A poor company culture can not be solved by the HR department planning and executing a bowling day or an Office Olympics picnic. Creating fun is relative to the associate’s perception of the company, and more importantly, to their job. I’m not stating these actives are not fun, but they can have little influence on associate motivation. The concept is great, as it shows the company, on a global scale, they appreciate and reward those who contribute to their success.
This blog post is about drilling down to the individual associate. I see too many times where upper and middle management are oblivious to their direct reports feelings. Yes, I used the word “feelings”. Associates are human beings and possess emotions. The greatest of these at work is appreciation and appreciation is displayed by recognition and recognition leads to motivation and motivation leads to productivity. You get the picture.
My question to today’s managers, many of whom are young and/or first time managers, is “Are you in touch with your reports feelings about their job?” This leads to further review:
- How do you communicate? If you believe knowledge is power, do you share information or believe you need to use it to protect your own position?
- Do you disseminate timely performance factors, positive or negative?
- How often do you meet with your reports, individually and collectively?
- Do you know their significant other’s name?
- Do you know their birthday, without HR reminding you? Studies show that a person’s birthday is one of their most valued days.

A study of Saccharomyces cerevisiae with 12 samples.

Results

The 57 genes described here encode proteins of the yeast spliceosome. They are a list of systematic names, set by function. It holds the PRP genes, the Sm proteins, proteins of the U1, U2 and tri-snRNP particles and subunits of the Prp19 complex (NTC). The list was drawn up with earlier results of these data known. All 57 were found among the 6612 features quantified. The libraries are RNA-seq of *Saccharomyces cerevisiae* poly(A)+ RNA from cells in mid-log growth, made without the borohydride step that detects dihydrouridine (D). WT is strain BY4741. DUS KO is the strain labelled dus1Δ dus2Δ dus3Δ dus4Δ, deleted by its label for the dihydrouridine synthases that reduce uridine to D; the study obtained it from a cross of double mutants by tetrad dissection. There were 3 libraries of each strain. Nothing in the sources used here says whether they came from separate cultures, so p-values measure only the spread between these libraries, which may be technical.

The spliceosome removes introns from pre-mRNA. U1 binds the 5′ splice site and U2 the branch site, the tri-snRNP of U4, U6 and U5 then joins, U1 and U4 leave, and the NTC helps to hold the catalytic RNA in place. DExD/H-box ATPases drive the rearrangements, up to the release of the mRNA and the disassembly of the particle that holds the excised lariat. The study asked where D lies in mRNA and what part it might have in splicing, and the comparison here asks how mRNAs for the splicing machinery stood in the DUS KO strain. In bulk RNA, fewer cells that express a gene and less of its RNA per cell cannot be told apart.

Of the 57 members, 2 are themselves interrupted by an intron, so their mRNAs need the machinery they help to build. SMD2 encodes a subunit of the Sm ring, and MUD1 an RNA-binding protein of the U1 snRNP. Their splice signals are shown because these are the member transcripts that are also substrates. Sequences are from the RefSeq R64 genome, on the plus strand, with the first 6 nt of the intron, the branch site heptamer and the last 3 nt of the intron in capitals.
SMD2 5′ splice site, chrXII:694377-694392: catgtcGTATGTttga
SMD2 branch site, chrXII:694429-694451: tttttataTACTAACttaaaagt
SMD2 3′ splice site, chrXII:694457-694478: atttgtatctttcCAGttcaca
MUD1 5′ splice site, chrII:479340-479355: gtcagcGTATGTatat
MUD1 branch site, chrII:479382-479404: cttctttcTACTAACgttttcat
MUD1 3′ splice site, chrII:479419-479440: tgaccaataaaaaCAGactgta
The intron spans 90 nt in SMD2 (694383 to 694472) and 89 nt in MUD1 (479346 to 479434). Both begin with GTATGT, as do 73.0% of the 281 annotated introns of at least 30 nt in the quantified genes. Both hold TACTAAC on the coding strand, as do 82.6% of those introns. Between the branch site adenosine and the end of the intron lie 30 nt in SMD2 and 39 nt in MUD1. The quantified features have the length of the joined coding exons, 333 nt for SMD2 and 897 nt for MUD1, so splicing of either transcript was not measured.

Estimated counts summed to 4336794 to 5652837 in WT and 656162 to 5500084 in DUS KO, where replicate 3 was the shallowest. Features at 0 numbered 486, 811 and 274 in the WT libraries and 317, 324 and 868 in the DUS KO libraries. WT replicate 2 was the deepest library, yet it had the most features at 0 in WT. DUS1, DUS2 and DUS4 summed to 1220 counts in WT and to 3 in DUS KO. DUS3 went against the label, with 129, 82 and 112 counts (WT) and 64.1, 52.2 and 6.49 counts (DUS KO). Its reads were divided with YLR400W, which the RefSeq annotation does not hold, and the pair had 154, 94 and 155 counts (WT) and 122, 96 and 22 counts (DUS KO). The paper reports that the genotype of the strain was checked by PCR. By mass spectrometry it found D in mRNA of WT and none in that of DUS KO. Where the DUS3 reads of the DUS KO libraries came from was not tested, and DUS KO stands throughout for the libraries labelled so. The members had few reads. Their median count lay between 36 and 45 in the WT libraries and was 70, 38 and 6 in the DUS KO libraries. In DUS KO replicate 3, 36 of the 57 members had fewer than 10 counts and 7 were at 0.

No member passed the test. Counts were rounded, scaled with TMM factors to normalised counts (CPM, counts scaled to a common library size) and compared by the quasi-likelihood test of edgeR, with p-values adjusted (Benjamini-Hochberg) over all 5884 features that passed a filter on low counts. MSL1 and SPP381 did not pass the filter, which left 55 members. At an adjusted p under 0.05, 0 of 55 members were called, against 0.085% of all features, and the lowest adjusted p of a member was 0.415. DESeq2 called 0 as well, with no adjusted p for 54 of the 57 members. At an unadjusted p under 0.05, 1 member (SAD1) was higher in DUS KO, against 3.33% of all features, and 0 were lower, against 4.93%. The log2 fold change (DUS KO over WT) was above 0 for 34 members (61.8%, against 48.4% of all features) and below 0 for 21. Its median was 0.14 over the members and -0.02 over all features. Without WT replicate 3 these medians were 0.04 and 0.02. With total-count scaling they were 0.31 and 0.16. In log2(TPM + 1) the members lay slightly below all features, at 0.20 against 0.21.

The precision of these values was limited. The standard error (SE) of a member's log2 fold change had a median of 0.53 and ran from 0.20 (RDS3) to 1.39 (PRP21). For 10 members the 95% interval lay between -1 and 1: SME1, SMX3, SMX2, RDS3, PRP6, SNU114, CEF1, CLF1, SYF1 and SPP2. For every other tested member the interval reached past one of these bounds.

- Are you consistently learning to be a better manager?
- If you manage managers, are you equipping them to improve their people skills?
HR should augment a positive company culture. Managers must be tuned to individual associate motivation, which varies person-to-person. If your feel your job is not fun, then no corporate event will change it.
There are managers out there that should not be managers. Just because you are skilled at your given vocation, doesn’t mean you can manage people with or without these same skill sets. Do management schools still teach the Peter Principle? I have seen managers with only one report. Where this exists in my company structure influence, I eliminate this arrangement. Supervising one person is a poor situation. This creates a conundrum for the manager-associate relationship to either be friends or enemies. A worse case is when it’s a “working” manager scenario. You both have the same function, but one is privileged and only associate animosity can result. Unfortunately, this is more common than you may realize.
One last thought. Corporate sponsored events should take place during the workday. People have their work life and their personal life. Making an evening or weekend event, will impose “force company socialization.” It devalues the company’s goal to show appreciation. People may, and do have, work friends, but let them decide when to socialize outside the workplace. This is not the company’s role.
What are your motivation techniques?